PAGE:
Sorry, Matt Damon, the Plan to Rescue Someone From Mars Hasn’t Even Been Created Yet

Matt Damon in The Martian. Photo: Twentieth Century Fox

With Ridley Scott's The Martian hitting theaters Friday, the question on everybody's mind this weekend is, What would NASA actually do if they really did leave a wisecracking botanist stranded on the surface of the Red Planet? The short answer: They’re not sure yet. As NASA spokesperson Stephanie Schierholz explained to Vulture, the agency is currently working on the Orion spacecraft in the hopes of sending mankind to Mars, “but there are a lot of problems that have to be solved first in terms of getting there. We wouldn’t be into planning contingencies [yet].” In other words, before a plan can go wrong, there has to be a plan. There isn't a team of Donald Glovers pounding coffee, waiting for an opportunity to discover outside-the-box solutions.

Similarly, the agency isn’t doing moon landings right now, so there’s nothing on the books for rescuing an astronaut from the moon, either. If history is any indication, landing on any sort of planetary body is a gamble that NASA considers impossible to double-down on. Back when he was Richard Nixon’s speechwriter, William Safire, actually drafted a speech in the event that the Apollo 11 crew became stranded on the moon. There was "no hope for recovery," he wrote: "Fate has ordained that the men who went to the moon to explore in peace will stay on the moon to rest in peace."

If it weren't for the example of Matt Damon, the problem would be academic: Space travel as it currently exists doesn’t leave much room for an emergency like one depicted in The Martian, because we’ve stayed relatively close to the Earth. The most recent “emergency” was in 2010, when an ammonia pump on the International Space Station broke sooner than anticipated. When that happened, the crew had to make quick repairs, though quick isn’t really the right word; the problem was fixed by executing three space walks over the course of a month.

The space station is 250 miles away from our planet, so if a situation required a quick escape from the facility, “you could be back on Earth in a matter of hours,” says Schierholz. Soyuz spacecraft have been flying reliably for decades, and NASA is pretty confident in their ability to get astronauts back to Earth safely. There isn’t really a scenario in which astronauts would have to race up to the ISS; as the months-in-the-works rescue mission in The Martian shows, there’s no rapid-response NASCAR pit crew for space launches.

On very rare occasions, NASA will ready two shuttles. “For the last Hubble repair mission, the contingency scenario was that we had two space shuttles on two launch pads ready to launch,” Schierholz recalled. NASA developed a plan to repair the shuttle in case it got damaged in similar fashion to the ill-fated Columbia, “and then, secondarily, they would have a space shuttle on standby, ready to launch that rescue mission, to go to orbit, ready to get the crew members and bring them back.”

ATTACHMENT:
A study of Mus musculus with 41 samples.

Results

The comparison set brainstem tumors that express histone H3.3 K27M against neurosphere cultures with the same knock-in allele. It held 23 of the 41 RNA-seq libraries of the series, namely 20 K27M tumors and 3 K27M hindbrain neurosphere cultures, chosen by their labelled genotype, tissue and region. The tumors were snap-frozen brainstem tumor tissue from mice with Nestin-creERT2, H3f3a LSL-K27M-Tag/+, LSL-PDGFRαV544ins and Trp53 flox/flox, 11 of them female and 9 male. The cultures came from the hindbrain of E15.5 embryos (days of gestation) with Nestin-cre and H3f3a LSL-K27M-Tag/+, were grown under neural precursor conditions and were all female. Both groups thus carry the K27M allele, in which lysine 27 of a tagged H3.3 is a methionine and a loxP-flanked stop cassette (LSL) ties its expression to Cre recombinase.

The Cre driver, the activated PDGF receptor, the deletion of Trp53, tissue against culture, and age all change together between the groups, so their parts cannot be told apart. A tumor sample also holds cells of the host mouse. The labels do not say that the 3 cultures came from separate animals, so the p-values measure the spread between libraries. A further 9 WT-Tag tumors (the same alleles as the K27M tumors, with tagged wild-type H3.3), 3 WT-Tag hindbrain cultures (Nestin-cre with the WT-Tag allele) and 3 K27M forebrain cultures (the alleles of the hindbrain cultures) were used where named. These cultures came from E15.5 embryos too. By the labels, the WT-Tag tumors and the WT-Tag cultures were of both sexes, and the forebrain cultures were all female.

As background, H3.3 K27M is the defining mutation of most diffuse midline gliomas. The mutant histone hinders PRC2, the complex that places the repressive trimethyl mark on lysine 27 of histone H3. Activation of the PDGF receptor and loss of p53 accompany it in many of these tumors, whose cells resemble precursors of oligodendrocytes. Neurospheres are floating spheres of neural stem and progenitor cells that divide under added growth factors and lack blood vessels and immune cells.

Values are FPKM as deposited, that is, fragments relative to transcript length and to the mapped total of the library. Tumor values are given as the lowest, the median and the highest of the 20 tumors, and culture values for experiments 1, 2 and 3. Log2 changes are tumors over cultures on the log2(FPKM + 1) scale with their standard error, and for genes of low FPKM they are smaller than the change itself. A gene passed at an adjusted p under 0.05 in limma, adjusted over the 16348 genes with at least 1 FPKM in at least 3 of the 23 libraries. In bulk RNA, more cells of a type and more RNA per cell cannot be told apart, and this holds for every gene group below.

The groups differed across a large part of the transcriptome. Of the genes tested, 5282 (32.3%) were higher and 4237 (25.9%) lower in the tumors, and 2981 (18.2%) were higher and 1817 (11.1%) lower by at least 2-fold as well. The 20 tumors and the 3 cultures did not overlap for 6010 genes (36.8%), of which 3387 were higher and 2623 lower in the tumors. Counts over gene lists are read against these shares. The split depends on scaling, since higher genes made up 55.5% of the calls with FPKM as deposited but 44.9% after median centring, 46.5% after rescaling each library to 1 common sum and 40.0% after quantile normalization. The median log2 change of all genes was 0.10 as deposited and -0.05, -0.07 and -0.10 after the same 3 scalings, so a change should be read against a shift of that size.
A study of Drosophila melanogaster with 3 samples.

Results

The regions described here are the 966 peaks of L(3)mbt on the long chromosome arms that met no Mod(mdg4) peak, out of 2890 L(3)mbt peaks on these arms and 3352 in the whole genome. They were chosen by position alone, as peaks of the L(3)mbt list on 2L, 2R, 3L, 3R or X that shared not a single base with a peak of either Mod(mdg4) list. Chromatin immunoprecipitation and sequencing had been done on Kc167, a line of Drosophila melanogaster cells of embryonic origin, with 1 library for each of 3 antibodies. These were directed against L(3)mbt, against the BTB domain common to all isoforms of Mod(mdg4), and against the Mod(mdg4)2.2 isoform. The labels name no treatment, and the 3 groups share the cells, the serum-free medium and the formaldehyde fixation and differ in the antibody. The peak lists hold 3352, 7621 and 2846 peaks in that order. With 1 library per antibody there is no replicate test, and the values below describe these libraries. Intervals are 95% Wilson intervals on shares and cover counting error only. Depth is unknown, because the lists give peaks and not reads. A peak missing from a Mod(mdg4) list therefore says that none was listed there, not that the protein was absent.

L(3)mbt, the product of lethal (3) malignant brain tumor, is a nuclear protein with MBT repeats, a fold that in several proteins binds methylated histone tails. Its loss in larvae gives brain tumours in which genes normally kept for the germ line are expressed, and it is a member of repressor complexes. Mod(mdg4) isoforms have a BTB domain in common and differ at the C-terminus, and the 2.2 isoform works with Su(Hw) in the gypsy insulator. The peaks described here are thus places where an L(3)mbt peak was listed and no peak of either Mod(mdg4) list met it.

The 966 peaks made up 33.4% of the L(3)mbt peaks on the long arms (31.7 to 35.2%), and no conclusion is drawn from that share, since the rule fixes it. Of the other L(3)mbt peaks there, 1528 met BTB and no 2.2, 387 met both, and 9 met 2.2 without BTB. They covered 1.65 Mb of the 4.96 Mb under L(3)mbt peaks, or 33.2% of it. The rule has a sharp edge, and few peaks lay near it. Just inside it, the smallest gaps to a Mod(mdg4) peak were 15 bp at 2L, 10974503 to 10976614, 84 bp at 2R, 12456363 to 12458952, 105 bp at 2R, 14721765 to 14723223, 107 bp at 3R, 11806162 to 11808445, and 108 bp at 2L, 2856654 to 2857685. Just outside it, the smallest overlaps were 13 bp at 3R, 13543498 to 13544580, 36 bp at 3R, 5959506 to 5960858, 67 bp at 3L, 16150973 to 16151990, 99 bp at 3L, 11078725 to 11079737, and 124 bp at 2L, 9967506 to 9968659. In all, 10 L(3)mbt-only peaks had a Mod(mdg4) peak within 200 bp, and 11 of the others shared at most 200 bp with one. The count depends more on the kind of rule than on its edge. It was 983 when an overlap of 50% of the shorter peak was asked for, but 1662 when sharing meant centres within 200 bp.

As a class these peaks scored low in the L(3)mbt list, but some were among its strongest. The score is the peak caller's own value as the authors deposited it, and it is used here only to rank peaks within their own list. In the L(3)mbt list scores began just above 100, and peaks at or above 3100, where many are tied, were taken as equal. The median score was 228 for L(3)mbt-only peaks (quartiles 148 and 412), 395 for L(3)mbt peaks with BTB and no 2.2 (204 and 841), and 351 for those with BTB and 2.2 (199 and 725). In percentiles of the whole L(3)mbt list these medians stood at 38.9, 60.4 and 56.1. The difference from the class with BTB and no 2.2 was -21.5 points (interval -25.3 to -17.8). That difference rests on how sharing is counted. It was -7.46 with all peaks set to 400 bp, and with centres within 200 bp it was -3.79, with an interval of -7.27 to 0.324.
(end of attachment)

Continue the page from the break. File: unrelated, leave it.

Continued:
Likewise, the ISS almost always has a line of communication with ground control in Houston, which in real life contains a shockingly small number of Chiwetel Ejiofors. If an astronaut runs into unforeseen circumstances while on a space walk, for example, they usually have someone to consult with. NASA produces documentation for pretty much any procedure you can think of, and astronauts use laptops to keep track of everything. “Every day they’re in space is timelined,” Schierholz says. “Every minute of their day is put into a schedule.” That way they can check procedure and act accordingly. (Or, as seen in the movie, go off-script with a daring rescue plan.) Videos are being produced to help astronauts with tasks, and researchers are looking at using augmented reality to relay necessary info via a heads-up display.

Crews do train for a few standard issues that might need to be dealt with, many of which pop up in The Martian. Schierholz said that there are about 14 different scenarios that astronauts prepare for, and they fall into two categories: keeping the primary electrical power system running, and keeping thermal control working as well. You can hear astronauts narrating technical changes they make to the station to mission control on NASA’s livestreams.

Still, all of this communication gets more difficult when you are talking about Mars. At 225,000 miles away, the moon is 900 times farther away from us than the ISS; Mars is exponentially farther than that. “At best, [Mars is] 39 million miles away; on average, [it's] 140 million miles away." As a result, traveling to other celestial bodies is “significantly different. You can’t just be back on Earth, so you have to be prepared to be more independent of Earth.” It guess worse: "You’re talking six months just to get to Mars. Then you stay on surface for about 18 months, and then six months to come home,” Schierholz says. “So by the time we send humans to Mars, we have to be incredibly confident that our systems will work, and that the crews can handle things without Earth’s help.” With that distance, there’s a 40-minute communications delay — easily edited down in The Martian, but much less breezy in real life.

So NASA’s not quite sure how to rescue someone stranded on Mars, because a lot of work has to be done first — not the least of which being that we have to figure out how exactly we’re gonna get there. But given how they design systems, a lot of things have to fail for someone to get stuck on the red planet.